Overview of attention for article published in Genome Medicine, December 2017

  • In the top 25% of all research outputs scored by Altmetric
  • Good Attention Score compared to outputs of the same age (76th percentile)
  • Average Attention Score compared to outputs of the same age and source

Mentioned by

twitter
12 tweeters

Citations

dimensions_citation
14 Dimensions

Readers on

mendeley
67 Mendeley
Title
Clinical implications and considerations for evaluation of in silico algorithms for use with ACMG/AMP clinical variant interpretation guidelines
Published in
Genome Medicine, December 2017
DOI 10.1186/s13073-017-0508-z
Pubmed ID
Authors

Lora J. H. Bean, Madhuri R. Hegde

Abstract

Clinical genetics laboratories have recently adopted guidelines for the interpretation of sequence variants set by the American College of Medical Genetics (ACMG) and Association for Molecular Pathology (AMP). The use of in silico algorithms to predict whether amino acid substitutions result in human disease is inconsistent across clinical laboratories. The clinical genetics community must carefully consider how in silico predictions can be incorporated into variant interpretation in clinical practice.Please see related Research article: https://doi.org/10.1186/s13059-017-1353-5.

Twitter Demographics

The data shown below were collected from the profiles of 12 tweeters who shared this research output. Click here to find out more about how the information was compiled.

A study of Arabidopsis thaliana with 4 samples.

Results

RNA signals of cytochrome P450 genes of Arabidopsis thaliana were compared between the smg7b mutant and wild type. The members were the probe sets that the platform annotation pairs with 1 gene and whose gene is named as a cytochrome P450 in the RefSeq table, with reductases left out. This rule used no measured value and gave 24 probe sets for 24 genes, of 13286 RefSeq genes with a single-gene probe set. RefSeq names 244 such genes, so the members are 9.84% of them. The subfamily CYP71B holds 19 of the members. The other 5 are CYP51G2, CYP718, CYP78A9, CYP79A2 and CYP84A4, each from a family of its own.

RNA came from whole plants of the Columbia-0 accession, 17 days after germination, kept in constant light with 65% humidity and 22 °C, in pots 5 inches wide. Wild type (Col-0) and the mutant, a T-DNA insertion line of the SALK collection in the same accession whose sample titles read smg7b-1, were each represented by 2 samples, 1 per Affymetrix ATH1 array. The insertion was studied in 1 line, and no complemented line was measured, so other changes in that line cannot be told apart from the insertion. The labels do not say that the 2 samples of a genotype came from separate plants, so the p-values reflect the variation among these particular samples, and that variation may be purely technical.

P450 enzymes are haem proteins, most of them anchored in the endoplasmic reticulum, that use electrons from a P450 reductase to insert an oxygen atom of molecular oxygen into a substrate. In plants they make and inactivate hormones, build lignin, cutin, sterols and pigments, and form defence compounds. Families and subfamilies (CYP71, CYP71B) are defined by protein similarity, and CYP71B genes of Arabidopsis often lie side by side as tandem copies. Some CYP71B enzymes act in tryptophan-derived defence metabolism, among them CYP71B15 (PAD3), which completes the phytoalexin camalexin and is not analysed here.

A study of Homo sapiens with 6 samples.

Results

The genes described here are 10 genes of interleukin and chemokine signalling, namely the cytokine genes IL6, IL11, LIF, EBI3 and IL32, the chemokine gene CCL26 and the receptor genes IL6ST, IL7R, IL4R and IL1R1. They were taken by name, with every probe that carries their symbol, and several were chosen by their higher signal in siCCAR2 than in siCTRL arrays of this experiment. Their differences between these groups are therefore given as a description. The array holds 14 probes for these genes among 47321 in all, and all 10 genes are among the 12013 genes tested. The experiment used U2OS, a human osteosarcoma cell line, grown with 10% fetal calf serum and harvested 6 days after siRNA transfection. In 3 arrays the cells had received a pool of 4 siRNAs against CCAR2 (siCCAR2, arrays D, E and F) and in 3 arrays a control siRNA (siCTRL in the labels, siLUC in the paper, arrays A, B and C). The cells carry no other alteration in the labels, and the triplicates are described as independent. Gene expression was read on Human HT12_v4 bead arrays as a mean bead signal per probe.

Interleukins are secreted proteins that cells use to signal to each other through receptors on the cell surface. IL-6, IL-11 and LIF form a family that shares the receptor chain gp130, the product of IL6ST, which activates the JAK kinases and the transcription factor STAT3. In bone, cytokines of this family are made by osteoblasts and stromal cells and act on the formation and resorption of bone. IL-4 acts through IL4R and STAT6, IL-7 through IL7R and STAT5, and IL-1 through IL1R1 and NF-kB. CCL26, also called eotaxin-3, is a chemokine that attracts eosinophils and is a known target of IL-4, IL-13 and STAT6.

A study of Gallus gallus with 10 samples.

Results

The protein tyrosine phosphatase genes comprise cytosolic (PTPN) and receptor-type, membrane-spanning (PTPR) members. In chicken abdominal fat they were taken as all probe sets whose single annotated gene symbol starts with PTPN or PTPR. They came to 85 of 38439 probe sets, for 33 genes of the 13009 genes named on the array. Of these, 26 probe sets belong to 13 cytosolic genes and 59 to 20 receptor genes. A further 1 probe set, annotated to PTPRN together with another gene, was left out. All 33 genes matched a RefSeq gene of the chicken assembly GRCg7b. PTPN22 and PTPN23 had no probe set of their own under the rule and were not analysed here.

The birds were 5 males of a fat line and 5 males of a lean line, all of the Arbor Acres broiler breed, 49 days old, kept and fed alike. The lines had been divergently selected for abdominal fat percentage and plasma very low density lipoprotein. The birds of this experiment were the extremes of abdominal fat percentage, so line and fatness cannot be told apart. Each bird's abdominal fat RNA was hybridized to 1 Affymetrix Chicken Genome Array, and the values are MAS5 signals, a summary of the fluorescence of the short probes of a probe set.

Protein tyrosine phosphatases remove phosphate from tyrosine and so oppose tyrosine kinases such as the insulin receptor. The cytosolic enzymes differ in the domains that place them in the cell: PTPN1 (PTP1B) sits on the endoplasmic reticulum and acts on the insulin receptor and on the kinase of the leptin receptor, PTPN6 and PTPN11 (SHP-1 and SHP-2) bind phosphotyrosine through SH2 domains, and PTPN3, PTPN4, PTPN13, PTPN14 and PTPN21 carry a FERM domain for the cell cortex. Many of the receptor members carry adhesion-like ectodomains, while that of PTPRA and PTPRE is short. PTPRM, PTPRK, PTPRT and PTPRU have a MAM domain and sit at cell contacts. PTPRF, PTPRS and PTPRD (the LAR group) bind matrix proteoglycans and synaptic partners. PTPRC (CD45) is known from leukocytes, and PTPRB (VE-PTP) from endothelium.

Mendeley readers

The data shown below were compiled from readership statistics for 67 Mendeley readers of this research output. Click here to see the associated Mendeley record.

Geographical breakdown

Country Count As %
Unknown 67 100%

Demographic breakdown

Readers by professional status Count As %
Researcher 20 30%
Other 11 16%
Student > Ph. D. Student 7 10%
Student > Master 7 10%
Student > Bachelor 5 7%
Other 8 12%
Unknown 9 13%
Readers by discipline Count As %
Biochemistry, Genetics and Molecular Biology 25 37%
Agricultural and Biological Sciences 11 16%
Medicine and Dentistry 10 15%
Computer Science 4 6%
Pharmacology, Toxicology and Pharmaceutical Science 1 1%
Other 2 3%
Unknown 14 21%

Attention Score in Context

This research output has an Altmetric Attention Score of 7. This is our high-level measure of the quality and quantity of online attention that it has received. This Attention Score, as well as the ranking and number of research outputs shown below, was calculated when the research output was last mentioned on 20 April 2018.
All research outputs
#2,170,377
of 12,829,119 outputs
Outputs from Genome Medicine
#521
of 922 outputs
Outputs of similar age
#88,667
of 384,783 outputs
Outputs of similar age from Genome Medicine
#30
of 43 outputs
Altmetric has tracked 12,829,119 research outputs across all sources so far. Compared to these this one has done well and is in the 83rd percentile: it's in the top 25% of all research outputs ever tracked by Altmetric.
So far Altmetric has tracked 922 research outputs from this source. They typically receive a lot more attention than average, with a mean Attention Score of 22.7. This one is in the 43rd percentile – i.e., 43% of its peers scored the same or lower than it.
Older research outputs will score higher simply because they've had more time to accumulate mentions. To account for age we can compare this Altmetric Attention Score to the 384,783 tracked outputs that were published within six weeks on either side of this one in any source. This one has done well, scoring higher than 76% of its contemporaries.
We're also able to compare this research output to 43 others from the same source and published within six weeks on either side of this one. This one is in the 30th percentile – i.e., 30% of its contemporaries scored the same or lower than it.